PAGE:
Rick Berman's History
Rick Berman grew up in New York City. His father ran gas stations and car washes, and Berman did general labor on weekends and summers while he was growing up.
From 1967 to 1969, Berman worked as a labor law attorney for Bethlehem Steel. From 1969 to 1972, he served as a corporate lawyer for Dana Corporation, an automotive parts company in Toledo, Ohio.
From 1972 to 1974, Berman was employed as labor law director of the U.S. Chamber of Commerce in Washington, D.C. In this role, Berman claimed that he "argued against unnecessary regulation of [the] hospitality industry." However, he is known to have submitted an amici curiae brief opposing a decision to grant health care coverage to pregnant women.
Berman moved into the food and beverage industry in 1975 under the mentorship of Norman Brinker, founder and owner of the Steak and Ale chain of restaurants. Berman started a government affairs program, launched his first PAC for Brinker, and worked there until 1984. In 1995, Berman and Brinker were identified as the special-interest lobbyists who donated the $25,000 that caused House Speaker Newt Gingrich to be hauled before the House Ethics Committee for influence peddling.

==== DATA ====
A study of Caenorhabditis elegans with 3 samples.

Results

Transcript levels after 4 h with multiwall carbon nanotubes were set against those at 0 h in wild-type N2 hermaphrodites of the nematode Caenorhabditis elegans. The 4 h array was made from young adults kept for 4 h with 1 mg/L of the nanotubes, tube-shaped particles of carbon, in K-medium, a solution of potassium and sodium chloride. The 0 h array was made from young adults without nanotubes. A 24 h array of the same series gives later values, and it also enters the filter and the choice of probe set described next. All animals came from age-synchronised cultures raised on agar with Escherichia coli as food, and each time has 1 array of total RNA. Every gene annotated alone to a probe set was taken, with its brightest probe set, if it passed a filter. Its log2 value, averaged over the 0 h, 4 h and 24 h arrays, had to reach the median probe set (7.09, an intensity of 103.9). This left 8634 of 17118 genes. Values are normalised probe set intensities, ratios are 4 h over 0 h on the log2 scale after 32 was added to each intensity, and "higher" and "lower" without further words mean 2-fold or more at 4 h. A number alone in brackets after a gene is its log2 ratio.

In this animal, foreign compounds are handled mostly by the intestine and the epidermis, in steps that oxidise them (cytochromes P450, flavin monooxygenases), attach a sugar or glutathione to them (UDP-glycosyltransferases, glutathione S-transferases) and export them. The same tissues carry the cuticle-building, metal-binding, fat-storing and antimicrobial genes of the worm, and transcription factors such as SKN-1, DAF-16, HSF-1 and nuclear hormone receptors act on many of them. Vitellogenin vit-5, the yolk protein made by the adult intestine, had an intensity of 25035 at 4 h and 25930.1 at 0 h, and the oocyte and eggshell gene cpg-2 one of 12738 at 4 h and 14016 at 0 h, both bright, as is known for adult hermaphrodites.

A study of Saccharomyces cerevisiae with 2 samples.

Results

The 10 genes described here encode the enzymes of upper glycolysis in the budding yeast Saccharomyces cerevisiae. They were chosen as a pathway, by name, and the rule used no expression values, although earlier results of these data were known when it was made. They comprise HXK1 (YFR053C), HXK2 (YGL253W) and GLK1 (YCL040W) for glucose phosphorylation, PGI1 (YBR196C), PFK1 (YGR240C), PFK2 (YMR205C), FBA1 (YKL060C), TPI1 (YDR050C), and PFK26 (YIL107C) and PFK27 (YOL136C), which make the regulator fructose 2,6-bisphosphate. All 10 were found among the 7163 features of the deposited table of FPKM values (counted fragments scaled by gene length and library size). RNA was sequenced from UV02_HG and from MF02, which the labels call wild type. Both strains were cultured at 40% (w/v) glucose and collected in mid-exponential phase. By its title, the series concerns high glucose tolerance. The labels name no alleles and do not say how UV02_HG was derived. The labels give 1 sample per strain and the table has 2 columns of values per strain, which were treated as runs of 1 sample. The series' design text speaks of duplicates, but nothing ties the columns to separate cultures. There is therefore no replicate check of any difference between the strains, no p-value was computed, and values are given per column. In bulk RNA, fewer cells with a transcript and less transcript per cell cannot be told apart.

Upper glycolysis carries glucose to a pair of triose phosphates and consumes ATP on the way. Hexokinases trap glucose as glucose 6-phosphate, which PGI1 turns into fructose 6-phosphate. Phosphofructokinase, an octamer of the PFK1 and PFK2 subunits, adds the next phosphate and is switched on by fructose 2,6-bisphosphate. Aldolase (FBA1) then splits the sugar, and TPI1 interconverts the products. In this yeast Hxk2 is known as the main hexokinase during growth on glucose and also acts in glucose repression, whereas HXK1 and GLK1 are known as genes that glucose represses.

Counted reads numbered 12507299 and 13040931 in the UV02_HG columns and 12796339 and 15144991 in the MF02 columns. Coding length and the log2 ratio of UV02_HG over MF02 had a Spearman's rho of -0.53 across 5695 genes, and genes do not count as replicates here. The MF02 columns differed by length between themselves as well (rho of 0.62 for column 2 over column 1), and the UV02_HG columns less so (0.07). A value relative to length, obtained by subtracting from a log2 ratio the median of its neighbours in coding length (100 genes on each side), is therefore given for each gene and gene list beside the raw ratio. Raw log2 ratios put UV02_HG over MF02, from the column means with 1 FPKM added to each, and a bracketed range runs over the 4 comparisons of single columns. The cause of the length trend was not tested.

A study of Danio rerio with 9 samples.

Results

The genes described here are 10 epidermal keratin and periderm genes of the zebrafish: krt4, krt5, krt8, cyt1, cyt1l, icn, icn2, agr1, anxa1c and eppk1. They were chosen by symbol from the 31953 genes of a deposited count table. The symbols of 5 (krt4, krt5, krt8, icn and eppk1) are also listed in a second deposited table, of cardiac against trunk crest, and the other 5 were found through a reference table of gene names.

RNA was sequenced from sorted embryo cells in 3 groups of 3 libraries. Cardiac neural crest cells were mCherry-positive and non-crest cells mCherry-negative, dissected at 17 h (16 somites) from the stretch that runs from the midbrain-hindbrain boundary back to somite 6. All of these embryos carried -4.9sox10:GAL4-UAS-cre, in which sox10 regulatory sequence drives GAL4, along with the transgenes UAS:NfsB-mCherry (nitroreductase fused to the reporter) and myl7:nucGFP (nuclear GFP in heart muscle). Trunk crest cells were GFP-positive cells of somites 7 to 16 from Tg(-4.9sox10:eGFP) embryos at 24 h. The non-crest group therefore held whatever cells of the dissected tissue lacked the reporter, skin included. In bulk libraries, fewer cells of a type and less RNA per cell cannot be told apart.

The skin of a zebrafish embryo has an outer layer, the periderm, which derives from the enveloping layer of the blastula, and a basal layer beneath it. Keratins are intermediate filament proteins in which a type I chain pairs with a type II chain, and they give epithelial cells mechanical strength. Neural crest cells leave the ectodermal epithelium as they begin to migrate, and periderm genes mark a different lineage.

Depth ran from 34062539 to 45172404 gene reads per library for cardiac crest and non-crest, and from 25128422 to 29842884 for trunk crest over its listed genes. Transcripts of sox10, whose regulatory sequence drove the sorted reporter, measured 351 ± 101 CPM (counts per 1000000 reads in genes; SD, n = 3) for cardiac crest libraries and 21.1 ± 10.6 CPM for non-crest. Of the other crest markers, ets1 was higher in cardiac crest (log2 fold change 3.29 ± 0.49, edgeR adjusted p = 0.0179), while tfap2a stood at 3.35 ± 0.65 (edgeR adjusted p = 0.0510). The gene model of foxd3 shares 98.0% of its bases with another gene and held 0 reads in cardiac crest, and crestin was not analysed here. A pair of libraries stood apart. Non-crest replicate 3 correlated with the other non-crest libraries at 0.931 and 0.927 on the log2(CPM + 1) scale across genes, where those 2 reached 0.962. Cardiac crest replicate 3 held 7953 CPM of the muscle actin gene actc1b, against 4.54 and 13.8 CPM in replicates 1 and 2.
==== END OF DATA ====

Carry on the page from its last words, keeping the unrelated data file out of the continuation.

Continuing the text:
Berman served as executive vice president of Pillsbury Restaurant Group from 1984 to 1986. In 1986, he formed Berman and Company.
His résumé also includes his work for Beverage Retailers Against Drunk Driving, where he argued for "tolerance of social drinking;" the Minimum Wage Coalition to Save Jobs; and the Employment Policies Institute, created in 1991 to argue "the importance of minimum wage jobs for the poor and uneducated."
Today, Berman describes himself as a social liberal and an economic conservative. He is media savvy and is reported to be clever, "aggressive, and polished—a real street fighter."